If there’s one thing a good hot snap inspires, it’s a rousing round of Jingle Bells.
Well, maybe not, but the Kelowna Community Food Bank could really use a bit of the good cheer during this sudden plunge into summer.
“Christmas in July serves two purposes,” said Lenetta Thordarson, food bank spokesperson.
“First, it helps to remind our community that the spirit of Christmas should be year-round…Second, as our major summer campaign, Christmas in July is critical for maintaining inventory.”
According to the annual Central Okanagan State of the Child report released last fall, the cost of a healthy food basket for a family of four has gone up 38 per cent over the last five years.
On the ground in the food bank, Thordarson says that translates to a lot of families who cannot make ends meet without help, and it makes it much harder for the food bank to help as well.
“The food bank’s purchasing power is being reduced as food prices increase. And increased fuel prices make it more expensive to run our trucks which are used daily to collect donations and make deliveries,” she said.
To counterbalance the affects, the food bank is asking Central Okanagan residents to seriously consider making ongoing donations through programs like the No Hungry Children Campaign which draws a monthly $35 donation from subscribers to support programs like the Tiny Bundles, the Vitality Program and Food Runners.
The Tiny Bundles program offers pre-natal hampers to pregnant mothers and families with babies under one year and includes things like formula, diapers, cereal, baby food and gift certificates for baby supplies.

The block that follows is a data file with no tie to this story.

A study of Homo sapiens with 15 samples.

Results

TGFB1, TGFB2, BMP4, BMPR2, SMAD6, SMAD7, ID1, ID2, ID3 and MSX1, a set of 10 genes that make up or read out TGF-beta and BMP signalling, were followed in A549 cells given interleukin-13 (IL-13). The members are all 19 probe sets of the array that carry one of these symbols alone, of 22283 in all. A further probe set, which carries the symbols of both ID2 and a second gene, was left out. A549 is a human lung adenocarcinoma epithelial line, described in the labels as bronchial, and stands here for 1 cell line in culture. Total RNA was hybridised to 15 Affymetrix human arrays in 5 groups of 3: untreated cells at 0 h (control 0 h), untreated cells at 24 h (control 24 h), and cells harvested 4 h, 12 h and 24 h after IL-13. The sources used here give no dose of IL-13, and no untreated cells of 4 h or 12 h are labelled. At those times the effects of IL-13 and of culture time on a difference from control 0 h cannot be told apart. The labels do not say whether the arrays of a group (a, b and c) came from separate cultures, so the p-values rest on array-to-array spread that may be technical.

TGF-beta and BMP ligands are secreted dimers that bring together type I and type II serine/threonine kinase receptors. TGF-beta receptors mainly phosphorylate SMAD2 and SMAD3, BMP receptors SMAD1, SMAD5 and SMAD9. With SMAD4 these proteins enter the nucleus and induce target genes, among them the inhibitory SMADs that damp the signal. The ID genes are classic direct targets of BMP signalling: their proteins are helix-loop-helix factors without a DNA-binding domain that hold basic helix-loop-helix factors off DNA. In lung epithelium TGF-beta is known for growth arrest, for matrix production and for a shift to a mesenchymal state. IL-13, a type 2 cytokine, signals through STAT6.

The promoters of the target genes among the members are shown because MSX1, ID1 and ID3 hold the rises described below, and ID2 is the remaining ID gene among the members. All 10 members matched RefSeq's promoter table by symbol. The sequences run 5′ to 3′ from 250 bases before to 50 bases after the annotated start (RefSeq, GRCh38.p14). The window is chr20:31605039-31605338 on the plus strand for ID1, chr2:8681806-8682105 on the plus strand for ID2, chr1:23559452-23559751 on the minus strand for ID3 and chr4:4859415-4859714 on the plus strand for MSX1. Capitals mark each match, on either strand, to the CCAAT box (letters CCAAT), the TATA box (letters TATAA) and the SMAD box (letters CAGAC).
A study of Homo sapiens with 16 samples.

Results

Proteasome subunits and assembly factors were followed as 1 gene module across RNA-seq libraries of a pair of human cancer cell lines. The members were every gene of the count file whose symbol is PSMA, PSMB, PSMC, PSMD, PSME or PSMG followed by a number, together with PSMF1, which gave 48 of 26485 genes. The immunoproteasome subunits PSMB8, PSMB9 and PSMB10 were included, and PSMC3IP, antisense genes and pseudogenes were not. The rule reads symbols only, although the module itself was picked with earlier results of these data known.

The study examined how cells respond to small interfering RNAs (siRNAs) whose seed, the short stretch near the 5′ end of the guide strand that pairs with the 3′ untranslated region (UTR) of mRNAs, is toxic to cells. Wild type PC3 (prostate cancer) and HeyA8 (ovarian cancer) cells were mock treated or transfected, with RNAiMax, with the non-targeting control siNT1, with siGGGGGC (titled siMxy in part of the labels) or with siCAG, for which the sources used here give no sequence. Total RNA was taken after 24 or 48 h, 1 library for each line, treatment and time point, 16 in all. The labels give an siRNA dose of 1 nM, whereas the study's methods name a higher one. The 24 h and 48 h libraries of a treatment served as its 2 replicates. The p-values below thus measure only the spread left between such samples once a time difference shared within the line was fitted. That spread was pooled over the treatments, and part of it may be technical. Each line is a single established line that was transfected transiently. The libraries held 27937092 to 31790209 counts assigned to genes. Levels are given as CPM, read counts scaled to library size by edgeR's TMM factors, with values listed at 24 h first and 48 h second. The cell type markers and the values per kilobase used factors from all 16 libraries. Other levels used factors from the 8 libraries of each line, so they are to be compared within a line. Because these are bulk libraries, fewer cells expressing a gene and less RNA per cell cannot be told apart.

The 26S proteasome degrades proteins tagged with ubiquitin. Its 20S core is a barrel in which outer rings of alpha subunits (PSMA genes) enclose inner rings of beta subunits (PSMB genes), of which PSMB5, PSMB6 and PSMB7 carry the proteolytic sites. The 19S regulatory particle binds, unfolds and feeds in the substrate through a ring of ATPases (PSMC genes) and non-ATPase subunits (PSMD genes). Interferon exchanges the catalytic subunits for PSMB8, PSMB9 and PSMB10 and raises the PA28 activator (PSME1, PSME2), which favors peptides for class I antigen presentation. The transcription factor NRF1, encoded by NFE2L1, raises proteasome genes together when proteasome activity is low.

Then the Vitality Program picks up where Tiny Bundles leaves off, ensuring the essential nutrients are provided to low-income families, while Food Runners picks up perishables from local food vendors to help supplement healthy diets.
“Despite economic recovery we still have seen a lot of people struggling,” said Thordarson.
“There are still people who are on fixed income—those with students loans, seniors, persons with disabilities—and they still find it hard to make ends meet and put food on their table for their family.”
In 2010, food bank use across Canada was at its highest level since 1997, and the story was no different here in Kelowna.
“While the numbers have levelled off in the past few months, there are still many households struggling to make ends meet. In fact, we are seeing an increase in seniors and families with children relying on our service,” Thordarson said.
There are several ways to help throughout the course of the month-long Christmas in July campaign, including:
• signing up for No Hungry Children, the monthly $35 donation subscription
• purchasing Buy BC coupons at the grocery store (every $2 purchase triples the food bank’s purchasing power)
• coming out to the Valley First BBQ and Book Sale, at Orchard Plaza from 11 a.m. to 4 p.m. on July 22
• contributing to the Stuff A Van program which will collect food at Walmart on Hwy. 97 from 10 a.m. to 4 p.m. on July 23 and 24.
• coming out to the Ozzy Ozmunds at the Grateful Fed, presented by the Okanagan Developers Group with proceeds going to the Kelowna Food Bank
• sending a donation directly to the Kelowna Community Food Bank’s Christmas in July Campaign at 1265 Ellis St., Kelowna, V1Y 1Z7 or donate online at www.kelownafoodbank.com.